Wisdom of the Crowd

Wikipedia

Dub the Dew

The wisdom of the crowd is the process of taking into account the collective opinion of a group of individuals rather than a single expert to answer a question. A large group’s aggregated answers to questions involving quantity estimation, general world knowledge, and spatial reasoning has generally been found to be as good as, and often better than, the answer given by any of the individuals within the group.

An intuitive and often-cited explanation for this phenomenon is that there is idiosyncratic noise associated with each individual judgment, and taking the average over a large number of responses will go some way toward canceling the effect of this noise. This process, while not new to the information age, has been pushed into the mainstream spotlight by social information sites such as Wikipedia and Yahoo! Answers, and other web resources that rely on human opinion. In the realm of justice, trial by jury can be understood as wisdom of the crowd, especially when compared to the alternative, trial by a judge, the single expert.

The classic wisdom-of-the-crowds finding involves point estimation of a continuous quantity. At a 1906 country fair in Plymouth, eight hundred people participated in a contest to estimate the weight of a slaughtered and dressed ox. Statistician Francis Galton observed that the mean of all eight hundred guesses, at 1197 pounds, was closer than any of the individual guesses to the true weight of 1198 pounds. This has contributed to the insight in cognitive science that a crowd’s individual judgments can be modeled as a probability distribution of responses with the mean centered near the true mean of the quantity to be estimated.

The term crowd, in this usage, refers to any group of people, such as a corporation, a group of researchers, or simply the entire general public. The group itself does not have to be cohesive; for example, a group of people answering questions on Yahoo! Answers may not know each other outside of that forum, or a group of people betting on a horse race may not know each others’ bets, but they nevertheless form a crowd under this definition. The wisdom of the crowd applies to democratic journalism in that a group of non-experts determine what news is important, and then people outside the group can view the news based on those rankings. The social news sites Reddit and Newsvine both fall into this category and rely heavily upon the wisdom of the crowd in creating their content.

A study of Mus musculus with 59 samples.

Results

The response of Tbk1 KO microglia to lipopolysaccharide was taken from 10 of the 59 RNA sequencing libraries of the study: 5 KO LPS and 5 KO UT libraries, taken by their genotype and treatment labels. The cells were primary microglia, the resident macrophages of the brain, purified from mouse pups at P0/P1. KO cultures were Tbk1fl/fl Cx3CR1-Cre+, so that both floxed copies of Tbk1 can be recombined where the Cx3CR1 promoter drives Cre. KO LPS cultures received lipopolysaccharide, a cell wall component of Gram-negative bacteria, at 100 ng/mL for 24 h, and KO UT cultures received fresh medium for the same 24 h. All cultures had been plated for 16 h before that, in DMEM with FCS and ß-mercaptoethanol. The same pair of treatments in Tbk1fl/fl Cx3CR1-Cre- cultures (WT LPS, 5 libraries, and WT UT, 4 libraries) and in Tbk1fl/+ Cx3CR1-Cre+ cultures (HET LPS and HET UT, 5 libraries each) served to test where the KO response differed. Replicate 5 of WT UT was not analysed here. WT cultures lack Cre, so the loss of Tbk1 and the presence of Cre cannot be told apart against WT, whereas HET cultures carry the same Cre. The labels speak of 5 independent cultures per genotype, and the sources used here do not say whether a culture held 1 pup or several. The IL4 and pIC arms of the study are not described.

Wisdom-of-the-crowds research routinely attributes the superiority of crowd averages over individual judgments to the elimination of individual noise, an explanation that assumes independence of the individual judgments from each other. Thus the crowd tends to make its best decisions if it is made up of diverse opinions and ideologies. One study reduced the independence of individual responses in a wisdom-of-the-crowds experiment by allowing limited communication between participants. Participants were asked to answer ordering questions for general knowledge questions such as the order of U.S. presidents. For half of the questions, each participant started with the ordering submitted by another participant (and alerted to this fact), and for the other half, they started with a random ordering, and in both cases were asked to rearrange them (if necessary) to the correct order. Answers where participants started with another participant’s ranking were on average more accurate than those from the random starting condition.

Crowds tend to work best when there is a correct answer to the question being posed, such as a question about geography or mathematics. The wisdom of the crowd effect is easily undermined. Social influence can cause the average of the crowd answers to be wildly inaccurate, while the geometric mean and the median are far more robust.